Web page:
Racism is deeply embedded into our society

Truthfully, I never had any intention to be part of the racist debate in the first place. Then I found something that blew my mind. On a furniture piece made during the 1950’s, there was this stamp and it reads: European Labour Only. During the White Australia Policy, the Europeans at the time felt threatened by the presence of the Chinese furniture makers. They offered cheaper labour and made affordable furniture. Basically, the stamp was a reminder for the ‘European Australian’ community to buy within their own heritage.


Growing up with the Bananas in Pyjamas, I secretly believe that they are Asian-Australians. Ever since I have made that kind of connection, I have gone around and said I am a banana, yellow on the outside and white on the inside. Did I just open myself for being called a banana!  Racism is a grey area, everyone has their own definition and boundaries of what it means to them. But hey, if I ever go around mocking peoples’ race or even my own kind, feel free to point at me and say, “That’s racist”.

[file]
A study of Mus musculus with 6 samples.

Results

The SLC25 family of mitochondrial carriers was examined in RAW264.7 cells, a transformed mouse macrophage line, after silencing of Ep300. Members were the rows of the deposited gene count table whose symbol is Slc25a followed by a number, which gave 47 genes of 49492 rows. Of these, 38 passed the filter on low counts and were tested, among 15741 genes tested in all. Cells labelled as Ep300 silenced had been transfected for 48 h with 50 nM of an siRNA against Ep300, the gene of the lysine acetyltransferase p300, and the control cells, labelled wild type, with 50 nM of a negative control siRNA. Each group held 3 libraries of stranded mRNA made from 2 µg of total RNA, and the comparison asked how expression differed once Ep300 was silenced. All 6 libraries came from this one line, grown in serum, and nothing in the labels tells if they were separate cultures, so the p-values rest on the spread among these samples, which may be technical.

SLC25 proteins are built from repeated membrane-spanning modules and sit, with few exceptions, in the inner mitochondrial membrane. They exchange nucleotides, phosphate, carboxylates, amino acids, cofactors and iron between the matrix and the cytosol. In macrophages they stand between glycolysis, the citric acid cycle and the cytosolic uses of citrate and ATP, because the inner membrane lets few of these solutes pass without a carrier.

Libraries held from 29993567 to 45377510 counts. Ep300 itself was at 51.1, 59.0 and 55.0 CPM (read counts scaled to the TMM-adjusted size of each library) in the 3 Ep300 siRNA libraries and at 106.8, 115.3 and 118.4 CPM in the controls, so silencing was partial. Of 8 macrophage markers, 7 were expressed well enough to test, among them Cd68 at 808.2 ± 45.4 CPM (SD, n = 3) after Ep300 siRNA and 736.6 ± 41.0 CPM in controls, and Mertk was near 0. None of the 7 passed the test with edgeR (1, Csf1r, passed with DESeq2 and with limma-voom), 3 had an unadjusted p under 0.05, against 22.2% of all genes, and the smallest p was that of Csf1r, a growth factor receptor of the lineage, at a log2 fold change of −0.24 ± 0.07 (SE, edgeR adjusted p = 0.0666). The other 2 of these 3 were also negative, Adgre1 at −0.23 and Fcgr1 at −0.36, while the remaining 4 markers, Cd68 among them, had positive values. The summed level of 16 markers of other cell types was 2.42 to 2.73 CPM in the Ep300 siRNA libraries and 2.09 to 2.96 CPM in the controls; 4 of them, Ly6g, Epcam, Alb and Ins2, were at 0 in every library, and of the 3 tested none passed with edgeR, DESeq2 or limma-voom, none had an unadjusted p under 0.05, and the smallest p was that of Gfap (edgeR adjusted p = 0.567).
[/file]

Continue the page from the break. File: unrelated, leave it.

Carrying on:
As much as the media has given light to the topic, they have only added fuel to the fire. Isn’t it interesting, that the loudest voice in the debate isn’t necessarily coming from the indigenous Australians or any other nationalities, but from a bunch of Caucasians. Charles Pickering has more to say about vocal white people, here.

Racism has this recent awesome ability to go viral. Whenever there is a recorded racial rant, it quickly finds itself on social media. The latest video happened on the Sydney bus, where a 50-year-old mother verbally abused a schoolboy. Naturally, I put it on my Facebook page and shared it with the rest of my friends. The instant reaction was pretty angry. Calling the person various derogatory names and acting on our violence urges, doesn’t that mean we stooped to her level too?


It’s time we step in and take creative control. My new project, The Two Chairs, embarks on these very questions and pushes the boundaries of what we see around us.  What is important is to allow for two individuals to sit down and have an open discussion, where they can relay their thought on race in Australia, but in a creative way. I am using The Two Chairs as a creative platform that will surpass all genres, from being an installation to live art performance. Would you like to sit on these chairs and share your thoughts? Or perhaps, you would like to join me and create a new way to outdo racism?

-suzanne nguyen
Story Collector | Artist

2 comments

  1. that lady was so horrible, every time I watch one of the racist public transport rants a small part of me dies.

    1. Sorry for the late reply, I try to stand up to it, because I just don’t want them to think they can get away with it.
      A part of me gets frustrated and angry that such a thing happens.

      Thanks for sharing your thoughts with me.